Let's talk about those well-known devices called skimmers—overlay pads criminals attach to ATMs, for example, to the card readers that read customer bank card information.
To protect against this fraud, security specialists started equipping ATMs with card reader overlays, but ordinary users find it difficult to distinguish them from skimmers.
Skimmers attached to a card reader can mirror an ATM’s colour and design. Their only distinguishing trait is that they protrude slightly from the original frame.
But anti-skimming overlays have the same feature.
Here's what experts recommend you do to minimise your risk:
If something looks suspicious about an ATM, don’t use it. By taking that course of action, you will probably protect your data against skimming—the theft of card information through the use of a special reading device.
Before using an ATM, inspect it attentively. A keypad or additional devices may be next to the display; for example, you may see an extraneous lighting device. Or a mirror or an advertising brochure rack may be in the vicinity. These things can indicate the presence of a skimmer—a reading device affixed to an ATM.
Attackers have several ways to attach spying equipment on an ATM. They can affix a plastic overlay to the card reader or insert a miniature camera into a brochure rack next to an ATM. The camera captures the buttons you press when you enter your PIN. There are also special keyboard overlays that read the order of the numbers you enter.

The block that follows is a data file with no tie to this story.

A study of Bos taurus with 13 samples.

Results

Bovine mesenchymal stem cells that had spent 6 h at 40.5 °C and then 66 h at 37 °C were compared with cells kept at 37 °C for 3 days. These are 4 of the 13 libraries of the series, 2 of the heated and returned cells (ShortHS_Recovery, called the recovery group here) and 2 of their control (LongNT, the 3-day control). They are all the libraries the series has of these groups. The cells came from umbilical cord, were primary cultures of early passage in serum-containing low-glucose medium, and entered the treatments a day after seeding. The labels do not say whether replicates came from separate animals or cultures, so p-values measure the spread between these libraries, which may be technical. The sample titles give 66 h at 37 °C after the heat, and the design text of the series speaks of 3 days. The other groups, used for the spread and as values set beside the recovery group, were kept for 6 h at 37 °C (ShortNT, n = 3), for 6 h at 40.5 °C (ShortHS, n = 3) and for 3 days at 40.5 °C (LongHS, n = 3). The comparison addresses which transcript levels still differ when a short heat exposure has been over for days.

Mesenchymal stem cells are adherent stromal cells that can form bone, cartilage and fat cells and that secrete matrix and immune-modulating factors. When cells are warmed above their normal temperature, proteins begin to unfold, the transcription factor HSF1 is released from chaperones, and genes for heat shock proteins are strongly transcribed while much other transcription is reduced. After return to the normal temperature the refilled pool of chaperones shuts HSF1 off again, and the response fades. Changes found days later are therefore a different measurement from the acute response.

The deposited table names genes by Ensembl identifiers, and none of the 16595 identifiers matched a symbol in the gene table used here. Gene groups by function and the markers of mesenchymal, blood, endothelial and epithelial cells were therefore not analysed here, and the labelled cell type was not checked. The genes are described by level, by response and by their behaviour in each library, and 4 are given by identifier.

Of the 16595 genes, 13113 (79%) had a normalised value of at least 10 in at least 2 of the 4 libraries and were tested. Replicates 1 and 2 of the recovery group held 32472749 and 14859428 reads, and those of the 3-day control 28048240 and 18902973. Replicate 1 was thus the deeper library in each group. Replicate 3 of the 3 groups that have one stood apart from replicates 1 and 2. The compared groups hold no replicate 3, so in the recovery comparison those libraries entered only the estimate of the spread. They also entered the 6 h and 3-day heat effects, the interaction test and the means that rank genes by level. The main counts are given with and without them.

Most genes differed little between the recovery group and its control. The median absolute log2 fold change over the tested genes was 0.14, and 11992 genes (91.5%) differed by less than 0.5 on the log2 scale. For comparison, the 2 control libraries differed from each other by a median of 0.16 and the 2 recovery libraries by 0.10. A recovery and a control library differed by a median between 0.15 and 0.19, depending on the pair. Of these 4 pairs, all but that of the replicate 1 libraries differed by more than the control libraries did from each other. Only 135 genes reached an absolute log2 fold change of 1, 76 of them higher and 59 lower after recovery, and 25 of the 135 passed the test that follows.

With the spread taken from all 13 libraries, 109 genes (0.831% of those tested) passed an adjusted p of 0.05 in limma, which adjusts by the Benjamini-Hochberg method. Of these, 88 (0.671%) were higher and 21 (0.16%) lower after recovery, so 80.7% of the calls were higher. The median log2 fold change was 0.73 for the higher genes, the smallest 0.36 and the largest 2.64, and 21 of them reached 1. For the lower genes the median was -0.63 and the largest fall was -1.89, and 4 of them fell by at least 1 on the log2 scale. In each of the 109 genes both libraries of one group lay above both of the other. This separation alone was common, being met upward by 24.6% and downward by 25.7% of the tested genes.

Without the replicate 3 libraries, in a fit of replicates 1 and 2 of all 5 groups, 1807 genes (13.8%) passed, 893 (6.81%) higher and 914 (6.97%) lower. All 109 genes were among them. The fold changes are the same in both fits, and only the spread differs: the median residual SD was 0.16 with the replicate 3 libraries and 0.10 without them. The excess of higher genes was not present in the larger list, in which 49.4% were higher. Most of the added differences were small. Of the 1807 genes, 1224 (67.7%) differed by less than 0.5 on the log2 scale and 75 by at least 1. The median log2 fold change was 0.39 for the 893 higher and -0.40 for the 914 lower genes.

Unfortunately, anti-skimming overlays do not guarantee that attackers won't steal your data. For several years, a new generation of skimmers has been mentioned in the news. For example, criminals can put a skimmer under the anti-skimming overlay. In this case, they use a thin wand to transfer data.
A data-transfer wand
A data-transfer wand inserted into a skimmer
Data-transfer wand and insert skimmers
The Anti-virus Times recommends
It is clear that an anti-virus, even if installed in an ATM, does not protect against such threats—only a user's vigilance and wariness can reduce the risk:
- don’t use ATMs located in suspicious and dimly lit places, including outside buildings;
- if something seems suspicious about an ATM, do not use it;
- don’t trust ATMs that look unusual or ask you to do alarming things: for example, prompt you to enter your PIN twice to confirm a transaction;
- use ATMs in bank branches or other secure places.
You should bear in mind that it takes few moments for criminals to affix a skimmer (even in secure places); that's why we’re giving you three more recommendations:
- control your expenses by configuring SMS confirmations about all of your bank account transactions;
- order a card specially for expenses and don't keep large sums on it;
- keep your bank contact details close at hand so you can call the bank at any time to report a theft and get your card blocked.